SICK’s SRAP safety system makes collaborative robot applications safer

Collaborative robots are safer to work around people than traditional industrial automation. SICK, a sensor maker, has presented its Safe Robotics Area Protection (SRAP) system that, it says, provides process-based protection for collaborative robot applications.

The system allows workers to safely access robot’s working area at any time by adapting the operating conditions to the position of the person. It not only prevents the risk of accidents from occurring but also improves productivity. Besides, it reduces downtime and optimizes the ergonomic and process aspects of the operator’s workflow.

The SRAP system consists of a series of safety systems and products – like a Flexi Soft safety controller and a safety laser scanner – designed especially for cooperative, human-robot applications. Using the tested software function blocks, the safety system can be integrated with ease and fits seamlessly into the controllers of all standard industrial robots.

In addition, the migration capabilities of the system configuration make Safe Robotics Area Protection a future-proof safety system. This enables flexible, autonomous machines, and robots to adapt quickly and effortlessly to new production conditions, safety requirements, and protective field conditions that result from this.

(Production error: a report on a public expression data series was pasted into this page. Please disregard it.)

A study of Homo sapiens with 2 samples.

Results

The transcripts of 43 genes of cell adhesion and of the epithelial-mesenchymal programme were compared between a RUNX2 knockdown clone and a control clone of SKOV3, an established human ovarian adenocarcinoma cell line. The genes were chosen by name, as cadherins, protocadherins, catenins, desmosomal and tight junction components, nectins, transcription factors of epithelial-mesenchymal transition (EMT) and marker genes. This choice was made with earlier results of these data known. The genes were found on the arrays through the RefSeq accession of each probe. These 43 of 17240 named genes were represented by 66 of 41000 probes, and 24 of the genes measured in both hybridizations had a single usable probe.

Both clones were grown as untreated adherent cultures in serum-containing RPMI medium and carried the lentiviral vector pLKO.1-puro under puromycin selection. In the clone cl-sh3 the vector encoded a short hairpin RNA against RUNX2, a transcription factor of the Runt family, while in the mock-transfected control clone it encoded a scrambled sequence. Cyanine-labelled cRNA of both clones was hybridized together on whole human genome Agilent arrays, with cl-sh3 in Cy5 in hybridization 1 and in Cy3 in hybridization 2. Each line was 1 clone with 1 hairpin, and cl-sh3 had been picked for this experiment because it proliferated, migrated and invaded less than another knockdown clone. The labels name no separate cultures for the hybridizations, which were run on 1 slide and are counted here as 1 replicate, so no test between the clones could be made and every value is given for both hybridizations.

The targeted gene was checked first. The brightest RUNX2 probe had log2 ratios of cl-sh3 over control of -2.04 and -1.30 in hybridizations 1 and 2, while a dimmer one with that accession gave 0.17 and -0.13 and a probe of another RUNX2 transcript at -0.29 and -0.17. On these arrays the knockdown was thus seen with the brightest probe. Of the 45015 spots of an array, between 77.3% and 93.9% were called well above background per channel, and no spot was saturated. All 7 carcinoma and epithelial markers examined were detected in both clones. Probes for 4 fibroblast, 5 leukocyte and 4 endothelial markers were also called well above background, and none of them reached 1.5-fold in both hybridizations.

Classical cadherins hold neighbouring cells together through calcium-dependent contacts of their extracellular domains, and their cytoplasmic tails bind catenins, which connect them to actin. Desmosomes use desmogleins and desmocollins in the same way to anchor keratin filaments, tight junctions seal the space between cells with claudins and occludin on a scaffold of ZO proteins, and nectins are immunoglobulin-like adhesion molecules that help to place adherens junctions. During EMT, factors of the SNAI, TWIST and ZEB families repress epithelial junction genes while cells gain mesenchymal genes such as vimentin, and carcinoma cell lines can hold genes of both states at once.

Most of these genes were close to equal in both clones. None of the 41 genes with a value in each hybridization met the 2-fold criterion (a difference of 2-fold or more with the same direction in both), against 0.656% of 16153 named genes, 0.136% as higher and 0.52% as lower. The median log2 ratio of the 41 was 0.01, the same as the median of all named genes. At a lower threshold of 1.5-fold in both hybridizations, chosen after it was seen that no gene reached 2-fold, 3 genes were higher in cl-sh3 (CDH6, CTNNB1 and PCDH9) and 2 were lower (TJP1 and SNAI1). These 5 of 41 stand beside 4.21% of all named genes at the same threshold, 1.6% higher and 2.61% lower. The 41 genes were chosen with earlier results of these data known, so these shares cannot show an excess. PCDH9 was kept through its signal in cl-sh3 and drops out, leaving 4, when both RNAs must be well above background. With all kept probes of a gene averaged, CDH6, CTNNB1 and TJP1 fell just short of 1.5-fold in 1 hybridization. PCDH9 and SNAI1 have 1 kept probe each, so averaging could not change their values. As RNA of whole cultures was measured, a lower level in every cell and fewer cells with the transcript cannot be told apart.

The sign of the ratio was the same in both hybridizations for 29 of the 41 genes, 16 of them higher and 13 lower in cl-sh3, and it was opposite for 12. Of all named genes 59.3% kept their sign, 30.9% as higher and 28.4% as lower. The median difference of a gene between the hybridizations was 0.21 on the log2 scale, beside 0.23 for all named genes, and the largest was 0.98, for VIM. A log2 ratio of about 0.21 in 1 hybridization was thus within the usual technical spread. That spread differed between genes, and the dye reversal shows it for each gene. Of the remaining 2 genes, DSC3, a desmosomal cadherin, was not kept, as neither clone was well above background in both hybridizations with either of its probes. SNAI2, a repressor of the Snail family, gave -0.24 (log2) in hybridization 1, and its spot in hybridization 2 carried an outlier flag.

The Flexi Soft safety controller and SICK sensors.
The Flexi Soft safety controller and SICK sensors.

As the safety system detects any worker has entered the robot working area, the sensors cause the robot’s movement to either reduce or stop via the Flexi Soft safety controller. And the system automatically restarts once the person leaves the robot hazard area, or you can implement a manual restart.

It is also claimed that the robot is first started up at a reduced speed and then returns to its original working speed once all the warning and protective fields are free again. In short, the human worker remains completely and constantly protected against hazardous movements whenever they enter the robot’s working area.

SRAP works in a number of different applications and is even suitable for confined space applications. Moreover, the system is very easy to install, just connect the safety devices, select the desired program, and your safety logic is ready to go.

What’s more? If you need other safety devices or additional safety functions, these can be integrated with ease later on – making the SRAP safety system even safer.

With the increase in collaborative robots, maybe it’s time to re-evaluate how safe your processes are and see how you can help to improve,” the company wrote in a blog post.